The Tamil Nadu government has sought permission from the Centre to produce vaccine at a newly-constructed manufacturing unit in the state.
Chief minister MK Stalin has written a letter to prime minister Narendra Modi, seeking his intervention in handing over the nearly-completed integrated vaccine complex (IVC), owned by HLL Bio-tech (HBL), under the Union health ministry, to the state, so that the facility can be put to use at the earliest.
Pointing out that a modern and high-capacity vaccine manufacturing facility — IVC — in Chengalpet, near Chennai, though almost completed, was lying unutilised for want of further funds, the chief minister said he was keen to make this facility functional in the interest of the state and the country.
“This would substantially enhance the nation’s vaccine production capacity and cater to the vaccine requirements of the country as a whole and Tamil Nadu in particular,” Stalin said.
The Centre had already invested around Rs 700 crore in this facility. A recent attempt to find a private partner to run the IVC has also not succeeded, as there were no bidders for it.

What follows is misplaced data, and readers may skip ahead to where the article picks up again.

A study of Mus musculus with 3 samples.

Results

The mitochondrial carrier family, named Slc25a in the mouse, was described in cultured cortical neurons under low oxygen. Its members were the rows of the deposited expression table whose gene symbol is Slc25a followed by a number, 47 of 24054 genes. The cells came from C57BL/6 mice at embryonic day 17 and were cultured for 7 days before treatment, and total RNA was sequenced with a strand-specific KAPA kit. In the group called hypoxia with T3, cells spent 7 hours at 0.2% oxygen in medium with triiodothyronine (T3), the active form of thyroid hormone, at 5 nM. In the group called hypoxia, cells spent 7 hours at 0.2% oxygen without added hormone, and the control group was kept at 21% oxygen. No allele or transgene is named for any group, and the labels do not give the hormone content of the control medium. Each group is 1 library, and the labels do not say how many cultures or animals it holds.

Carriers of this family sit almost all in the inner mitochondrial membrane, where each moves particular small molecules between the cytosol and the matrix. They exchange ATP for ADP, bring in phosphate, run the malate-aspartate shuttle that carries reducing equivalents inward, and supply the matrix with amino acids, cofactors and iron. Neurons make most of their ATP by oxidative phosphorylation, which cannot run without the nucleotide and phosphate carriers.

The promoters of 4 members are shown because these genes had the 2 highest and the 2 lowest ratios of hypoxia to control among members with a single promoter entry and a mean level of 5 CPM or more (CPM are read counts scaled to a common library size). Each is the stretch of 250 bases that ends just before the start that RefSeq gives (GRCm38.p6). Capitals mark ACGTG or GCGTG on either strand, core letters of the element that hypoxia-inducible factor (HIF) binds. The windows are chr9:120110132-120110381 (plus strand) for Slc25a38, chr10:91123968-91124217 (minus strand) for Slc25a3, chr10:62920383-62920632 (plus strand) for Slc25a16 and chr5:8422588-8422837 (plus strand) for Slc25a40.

“I wish to propose that the assets of IVC may be handed over to the state government on lease, without any past liabilities, and with full operational freedom. The state government will identify a suitable private partner immediately and will make all efforts to commence vaccine production at the earliest. A suitable financial arrangement for central government to recover a part of its investment can be subsequently worked out, after the commencement of operations,” he said.
HBL is a wholly-owned subsidiary of HLL Lifecare, a government of India enterprise under the ministry of health and family welfare. The Centre had mandated HLL to establish a vaccine manufacturing unit to produce lifesaving and cost effective vaccines primarily to minimise the demand-supply gap and support the Centre in the universal immunisation programme.
The Public Investment Board (PIB) had approved the project in 2012, and a 100-acre land was earmarked and transferred to HLL for this project. IVC had an an estimated cost of Rs 594 crore and was declared as a project of national importance.